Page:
Goal 2: Reduce Human Disease

To extend our knowledge of the pathobiology of heart, lung, blood, and sleep disorders and enable clinical investigations that advance the prediction, prevention, preemption, treatment, and cures of human disease.

Goal 2: Reduce Human Disease

Submitted by (@ckevil)

Gasotransmitter regulation of cardiovascular and lung health and disease

Gasotransmitters, such as nitric oxide, hydrogen sulfide, carbon monoxide, and hydrogen, have emerged as potent mediators of cardiovascular and lung cellular and molecular pathophysiology. While the physiological importance of these agents is becoming clearer, studies of gasotransmitters continue to suffer from several limitations such as formation, detection, metabolism, and molecular and cellular mechanistic insights. ...more »


Submitted by (@hongw0)

Mechanism and target identification for cardiovascular disease using database mining and experimental strategies

The big database of -omics and noncoding RNAs provide a valuable search engine to establish the link of various disease conditions with pathways and molecules. During recent year, data mining of available biomedical data and information has merged for target discovery and mechanism identification. However, current database mining research remains limited and largely hypothetical. Comprehensive research using the combinatory ...more »


Submitted by (@andrew.dunham)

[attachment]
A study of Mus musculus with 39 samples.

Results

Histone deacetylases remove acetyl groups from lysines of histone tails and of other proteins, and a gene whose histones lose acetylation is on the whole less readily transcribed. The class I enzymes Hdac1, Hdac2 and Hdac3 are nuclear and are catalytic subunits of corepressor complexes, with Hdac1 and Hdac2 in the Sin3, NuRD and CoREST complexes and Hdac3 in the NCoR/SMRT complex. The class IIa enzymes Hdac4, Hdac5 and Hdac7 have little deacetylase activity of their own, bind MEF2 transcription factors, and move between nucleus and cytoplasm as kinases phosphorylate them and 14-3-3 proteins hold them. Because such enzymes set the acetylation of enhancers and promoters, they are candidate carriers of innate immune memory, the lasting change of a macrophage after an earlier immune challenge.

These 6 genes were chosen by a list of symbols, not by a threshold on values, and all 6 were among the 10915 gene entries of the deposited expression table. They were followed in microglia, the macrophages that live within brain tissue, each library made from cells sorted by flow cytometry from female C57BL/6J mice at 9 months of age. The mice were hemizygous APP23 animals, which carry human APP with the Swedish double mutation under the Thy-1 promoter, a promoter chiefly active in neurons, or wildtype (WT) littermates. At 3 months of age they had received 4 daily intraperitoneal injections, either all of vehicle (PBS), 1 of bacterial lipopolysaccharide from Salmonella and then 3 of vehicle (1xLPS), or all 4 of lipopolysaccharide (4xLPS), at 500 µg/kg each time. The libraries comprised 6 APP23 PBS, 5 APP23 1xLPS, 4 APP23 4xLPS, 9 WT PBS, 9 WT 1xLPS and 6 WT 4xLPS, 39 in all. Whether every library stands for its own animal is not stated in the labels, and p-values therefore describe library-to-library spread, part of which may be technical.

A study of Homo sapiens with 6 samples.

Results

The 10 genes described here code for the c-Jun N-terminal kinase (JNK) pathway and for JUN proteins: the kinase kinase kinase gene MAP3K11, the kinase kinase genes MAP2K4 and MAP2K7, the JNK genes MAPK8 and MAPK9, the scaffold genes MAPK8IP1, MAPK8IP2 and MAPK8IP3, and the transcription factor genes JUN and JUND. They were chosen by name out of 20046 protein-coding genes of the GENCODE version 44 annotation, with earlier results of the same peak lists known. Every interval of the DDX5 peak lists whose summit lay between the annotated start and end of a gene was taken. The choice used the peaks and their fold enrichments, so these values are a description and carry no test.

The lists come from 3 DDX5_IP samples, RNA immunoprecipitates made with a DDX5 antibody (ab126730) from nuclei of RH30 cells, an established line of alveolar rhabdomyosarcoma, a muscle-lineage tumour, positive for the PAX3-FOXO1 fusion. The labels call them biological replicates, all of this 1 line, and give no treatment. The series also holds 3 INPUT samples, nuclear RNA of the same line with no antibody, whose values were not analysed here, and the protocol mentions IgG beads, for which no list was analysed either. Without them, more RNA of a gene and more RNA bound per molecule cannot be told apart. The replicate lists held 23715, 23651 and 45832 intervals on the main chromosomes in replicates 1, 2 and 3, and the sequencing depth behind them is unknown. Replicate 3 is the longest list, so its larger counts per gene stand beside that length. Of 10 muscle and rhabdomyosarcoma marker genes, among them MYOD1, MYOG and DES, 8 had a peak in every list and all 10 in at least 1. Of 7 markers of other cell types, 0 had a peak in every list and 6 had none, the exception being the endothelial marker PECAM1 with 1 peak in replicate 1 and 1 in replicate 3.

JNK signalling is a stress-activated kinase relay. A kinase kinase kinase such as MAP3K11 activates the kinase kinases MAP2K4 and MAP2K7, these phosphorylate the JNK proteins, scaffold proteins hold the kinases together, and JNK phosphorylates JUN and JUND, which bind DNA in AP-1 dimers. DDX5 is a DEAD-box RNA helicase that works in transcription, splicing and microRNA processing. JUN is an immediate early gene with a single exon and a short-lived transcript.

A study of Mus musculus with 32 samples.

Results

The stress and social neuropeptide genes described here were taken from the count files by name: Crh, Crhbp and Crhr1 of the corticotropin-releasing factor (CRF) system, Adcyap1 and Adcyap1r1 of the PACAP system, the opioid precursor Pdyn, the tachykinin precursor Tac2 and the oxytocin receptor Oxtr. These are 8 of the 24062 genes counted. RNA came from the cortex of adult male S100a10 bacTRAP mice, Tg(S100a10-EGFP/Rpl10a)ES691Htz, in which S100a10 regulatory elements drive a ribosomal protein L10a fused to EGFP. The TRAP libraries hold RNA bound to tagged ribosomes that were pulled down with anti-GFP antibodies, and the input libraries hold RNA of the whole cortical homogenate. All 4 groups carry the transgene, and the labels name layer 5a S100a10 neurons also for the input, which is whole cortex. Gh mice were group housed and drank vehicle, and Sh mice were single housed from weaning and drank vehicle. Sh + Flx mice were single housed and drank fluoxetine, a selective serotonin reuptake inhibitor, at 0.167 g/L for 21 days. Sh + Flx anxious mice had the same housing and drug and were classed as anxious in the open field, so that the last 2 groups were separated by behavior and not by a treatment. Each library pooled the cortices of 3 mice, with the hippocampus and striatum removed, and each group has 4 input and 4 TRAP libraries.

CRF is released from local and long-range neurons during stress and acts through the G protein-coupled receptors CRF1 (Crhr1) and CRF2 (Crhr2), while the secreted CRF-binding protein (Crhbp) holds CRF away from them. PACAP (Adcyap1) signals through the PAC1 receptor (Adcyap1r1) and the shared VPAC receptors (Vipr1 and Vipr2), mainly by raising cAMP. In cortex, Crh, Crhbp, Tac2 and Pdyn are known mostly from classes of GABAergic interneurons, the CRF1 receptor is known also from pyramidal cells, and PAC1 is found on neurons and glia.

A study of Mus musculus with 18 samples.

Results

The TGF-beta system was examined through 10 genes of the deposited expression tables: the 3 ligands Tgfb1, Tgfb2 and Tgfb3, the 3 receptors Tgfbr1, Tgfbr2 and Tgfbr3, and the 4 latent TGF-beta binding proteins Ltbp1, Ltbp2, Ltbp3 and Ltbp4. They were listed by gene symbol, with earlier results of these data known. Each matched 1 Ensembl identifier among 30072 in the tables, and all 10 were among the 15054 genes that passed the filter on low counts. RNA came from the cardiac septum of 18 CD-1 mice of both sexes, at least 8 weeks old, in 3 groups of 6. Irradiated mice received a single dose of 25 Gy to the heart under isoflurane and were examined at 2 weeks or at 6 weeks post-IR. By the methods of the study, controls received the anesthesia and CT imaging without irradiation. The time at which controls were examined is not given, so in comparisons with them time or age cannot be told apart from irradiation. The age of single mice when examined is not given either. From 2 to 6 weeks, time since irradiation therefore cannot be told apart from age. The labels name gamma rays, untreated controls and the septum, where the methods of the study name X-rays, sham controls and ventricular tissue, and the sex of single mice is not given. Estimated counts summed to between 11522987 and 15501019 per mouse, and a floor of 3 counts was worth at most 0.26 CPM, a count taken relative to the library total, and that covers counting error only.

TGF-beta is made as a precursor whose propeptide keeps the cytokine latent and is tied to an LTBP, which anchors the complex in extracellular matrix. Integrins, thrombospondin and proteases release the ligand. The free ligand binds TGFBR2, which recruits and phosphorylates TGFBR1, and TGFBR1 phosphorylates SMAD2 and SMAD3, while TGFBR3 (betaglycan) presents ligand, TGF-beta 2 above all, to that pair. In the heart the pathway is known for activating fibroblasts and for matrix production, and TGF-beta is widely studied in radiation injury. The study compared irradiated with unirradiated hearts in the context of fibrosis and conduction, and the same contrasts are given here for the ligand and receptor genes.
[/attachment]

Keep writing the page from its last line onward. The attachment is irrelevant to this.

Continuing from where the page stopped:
Mitigating risks due to the RBC storage lesion and vulnerable patients

What are the underlying dependencies (genomic, metabolic, disease) in individual donors that either accelerate or delay the changes to red blood cells during refrigerated storage? What methods of preparation might protect patients from the risks posed by the accelerated degradation of RBCs provided by "poor storers"? What characteristics of individual patients make them particularly vulnerable to transfusion of red ...more »


Submitted by (@dayam0)

Reducing Variability in Outcomes from Out of Hospital Cardiac Arrest

Out of hospital cardiac arrest remains a major cause of mortality in the United States and there is a large variability in survival within communities. We need to better understand the reasons for this variability which include patient, event, EMS system and care processes and work as a nation to reduce the variability but adopting best practices and actively addressing the barriers to change which can be social, cultural, ...more »


Submitted by (@greg.martin)

Effect of obesity on recovery of lung function in pediatric survivors of critical illness

What are the determinants of persistent respiratory failure in children? Are obese children at greater risk for prolonged mechanical ventilation than non-obese children? Does BMI affect the time to recovery of lung function in obese children with ARDS? What is the pathogenesis and molecular contributors of obesity on respiratory failure in critical illness?